The Little Hoover Commission calls on California to improve efforts to prosecute labor traffickers and prioritize victim services.
By Pedro Nava
Pedro Nava is the chair of the Little Hoover Commission, Pedro.Nava@lhc.ca.gov.
Cynthia Buiza is a member of the Little Hoover Commission’s subcommittee on labor trafficking, firstname.lastname@example.org.
Dion Aroner, Special to CalMatters
Dion Aroner is a member of the Little Hoover Commission’s subcommittee on labor trafficking, email@example.com.
Two women, enticed by promises of well-paid work and plentiful opportunities, left their homelands for a better life in California. A nightmare awaited them.
Upon arrival, Angela Guanzon was told she owed $12,000 to her employer and had to work 10 years at a nursing home to repay her debt. Renuka Zellars was manipulated at a young age into indentured servitude and prevented from leaving her employer’s house even to attend school.
Threatened and mistreated by their employers, these women had nowhere to turn. In other cases we have studied, people were forced to work in the fields nine hours a day, six days per week, for less than $10 per hour.
All are victims of labor trafficking, a sinister crime that exploits innocent workers through force, fraud or coercion and traps them in oppressive situations.
The Little Hoover Commission, California’s independent government watchdog, has spent the past year examining the state’s response to this gross injustice. As chair of the commission and members of the study’s subcommittee, we have learned that state efforts to combat this crime must be strengthened.
California focuses far more on combatting sex trafficking instead, a more recognizable and equally horrific form of abuse. Make no mistake: the state’s work against sex trafficking is crucial and must continue. But labor trafficking must be combatted just as aggressively.
Right now, victims of labor trafficking toil without being seen. And their traffickers escape the justice they deserve far too often.
It’s time for this to change.
Despite being one of the nation’s top destinations for human trafficking, California knows very little about the extent of this abuse or the identity of its victims. Now, thanks to our team’s detailed analysis of records from the state’s key program for trafficking victims, we are able to provide a clearer picture of human trafficking in California.
More than 14,000 survivors of trafficking received help from the state between 2016 and 2019. While most were exploited for sex, more than 3,000 were exploited for the benefits of their labor. A disproportionate number were located in the Central Valley.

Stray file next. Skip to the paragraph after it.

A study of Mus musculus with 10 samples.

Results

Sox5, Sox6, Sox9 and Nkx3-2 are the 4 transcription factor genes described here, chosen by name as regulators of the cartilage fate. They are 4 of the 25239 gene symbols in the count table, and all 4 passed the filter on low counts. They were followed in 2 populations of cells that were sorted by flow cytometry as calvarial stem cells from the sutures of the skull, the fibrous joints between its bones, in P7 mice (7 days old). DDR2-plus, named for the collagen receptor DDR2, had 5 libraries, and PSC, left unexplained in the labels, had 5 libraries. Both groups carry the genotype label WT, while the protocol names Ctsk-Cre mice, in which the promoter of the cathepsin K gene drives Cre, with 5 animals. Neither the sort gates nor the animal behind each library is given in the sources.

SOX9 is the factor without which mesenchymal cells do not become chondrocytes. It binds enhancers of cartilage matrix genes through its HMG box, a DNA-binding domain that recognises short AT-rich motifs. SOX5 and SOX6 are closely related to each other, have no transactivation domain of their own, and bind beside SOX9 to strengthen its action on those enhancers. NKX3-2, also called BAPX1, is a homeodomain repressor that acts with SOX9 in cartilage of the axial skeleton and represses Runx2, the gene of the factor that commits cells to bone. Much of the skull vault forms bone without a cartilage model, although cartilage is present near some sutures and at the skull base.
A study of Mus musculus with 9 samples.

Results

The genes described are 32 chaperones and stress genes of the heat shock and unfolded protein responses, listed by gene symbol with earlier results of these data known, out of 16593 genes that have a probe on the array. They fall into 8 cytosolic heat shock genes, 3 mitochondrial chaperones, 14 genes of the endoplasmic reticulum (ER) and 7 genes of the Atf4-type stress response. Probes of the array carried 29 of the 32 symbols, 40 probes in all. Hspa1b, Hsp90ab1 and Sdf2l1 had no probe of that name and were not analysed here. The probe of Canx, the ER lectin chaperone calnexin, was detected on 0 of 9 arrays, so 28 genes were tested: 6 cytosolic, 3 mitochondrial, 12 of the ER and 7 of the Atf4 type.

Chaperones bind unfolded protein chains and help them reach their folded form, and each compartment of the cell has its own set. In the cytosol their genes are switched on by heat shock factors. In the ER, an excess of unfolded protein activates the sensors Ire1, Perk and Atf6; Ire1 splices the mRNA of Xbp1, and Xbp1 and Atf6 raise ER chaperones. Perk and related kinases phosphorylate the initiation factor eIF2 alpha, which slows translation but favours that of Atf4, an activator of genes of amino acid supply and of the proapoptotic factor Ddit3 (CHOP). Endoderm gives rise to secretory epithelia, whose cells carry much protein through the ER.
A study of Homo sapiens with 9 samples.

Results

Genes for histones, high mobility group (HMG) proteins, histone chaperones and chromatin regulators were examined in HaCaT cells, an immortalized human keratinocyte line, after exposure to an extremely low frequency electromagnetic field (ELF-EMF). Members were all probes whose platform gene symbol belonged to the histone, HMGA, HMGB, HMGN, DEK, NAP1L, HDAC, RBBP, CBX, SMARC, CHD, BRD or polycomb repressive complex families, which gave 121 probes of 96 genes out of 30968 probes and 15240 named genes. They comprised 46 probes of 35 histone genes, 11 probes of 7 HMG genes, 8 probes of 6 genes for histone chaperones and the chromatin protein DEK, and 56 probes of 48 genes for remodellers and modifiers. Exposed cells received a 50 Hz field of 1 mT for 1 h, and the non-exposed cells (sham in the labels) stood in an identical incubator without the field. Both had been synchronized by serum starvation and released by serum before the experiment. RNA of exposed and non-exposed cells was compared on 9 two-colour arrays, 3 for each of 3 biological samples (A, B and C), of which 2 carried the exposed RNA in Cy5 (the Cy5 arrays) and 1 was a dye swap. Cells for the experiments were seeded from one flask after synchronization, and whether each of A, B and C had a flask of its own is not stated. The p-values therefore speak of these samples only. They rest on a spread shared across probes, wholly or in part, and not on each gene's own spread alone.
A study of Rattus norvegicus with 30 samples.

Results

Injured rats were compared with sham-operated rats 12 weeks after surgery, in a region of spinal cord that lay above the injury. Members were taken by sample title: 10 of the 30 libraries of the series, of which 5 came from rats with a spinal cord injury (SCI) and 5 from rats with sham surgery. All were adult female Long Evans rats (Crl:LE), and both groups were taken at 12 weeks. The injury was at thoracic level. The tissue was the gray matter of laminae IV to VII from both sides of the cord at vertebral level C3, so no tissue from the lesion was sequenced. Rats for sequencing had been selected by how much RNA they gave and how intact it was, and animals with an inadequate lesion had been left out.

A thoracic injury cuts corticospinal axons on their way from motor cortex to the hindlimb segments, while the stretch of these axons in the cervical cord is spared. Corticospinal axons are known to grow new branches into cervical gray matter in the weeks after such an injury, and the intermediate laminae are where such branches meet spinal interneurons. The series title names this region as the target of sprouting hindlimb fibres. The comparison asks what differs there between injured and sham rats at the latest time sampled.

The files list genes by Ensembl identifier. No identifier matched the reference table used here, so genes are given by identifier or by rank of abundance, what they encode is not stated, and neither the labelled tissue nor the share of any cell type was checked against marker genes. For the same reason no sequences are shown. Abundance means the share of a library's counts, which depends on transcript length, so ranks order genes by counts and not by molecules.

Yet still too little is known about these survivors and their needs.
To make matters worse, traffickers are rarely brought to justice. Between 2015 and 2019, 145 individuals were convicted for labor trafficking crimes. This translates to an average of less than 30 convictions each year.
Sadly, this isn’t surprising. Law enforcement officials lack the tools, training and resources they need to make traffickers pay for their crimes. And survivors – for various legitimate reasons – can be hesitant to participate in prosecutions. Even when cases are brought to court, it is challenging to prove that force or coercion isn’t always physical. Civil enforcement options, with lower burdens of proof, must be used more often.
Only an aggressive response from the highest levels of state government can change this. Our commission issued two reports earlier this year calling for a new Anti-Human Trafficking Council and increased efforts to detect labor trafficking.
Our new report, Labor Trafficking: Strategies to Help Victims and Bring Traffickers to Justice, calls on California to take two simple steps to better combat this crime:
- Prioritize victim services. Using data and evaluating available programs will help officials identify more trafficking survivors and determine the best care for them.
- Enhance efforts to prosecute traffickers. Empowering more state agencies to look for labor trafficking, providing law enforcement officials with the tools and training they need to litigate cases, improving communication between all levels of government, and studying outcomes to determine best practices are all critical components of rooting out labor trafficking in California’s communities and bringing traffickers to justice.
Thankfully, Angela, Renuka and the other survivors we described were able to find help. Today they raise awareness about the horrors of labor trafficking by sharing their experiences. Yet countless more victims remain trapped in servitude as their exploiters roam freely. Help can’t wait. California must act.
Pedro Nava has also written about a plan to overhaul California’s mental health care system.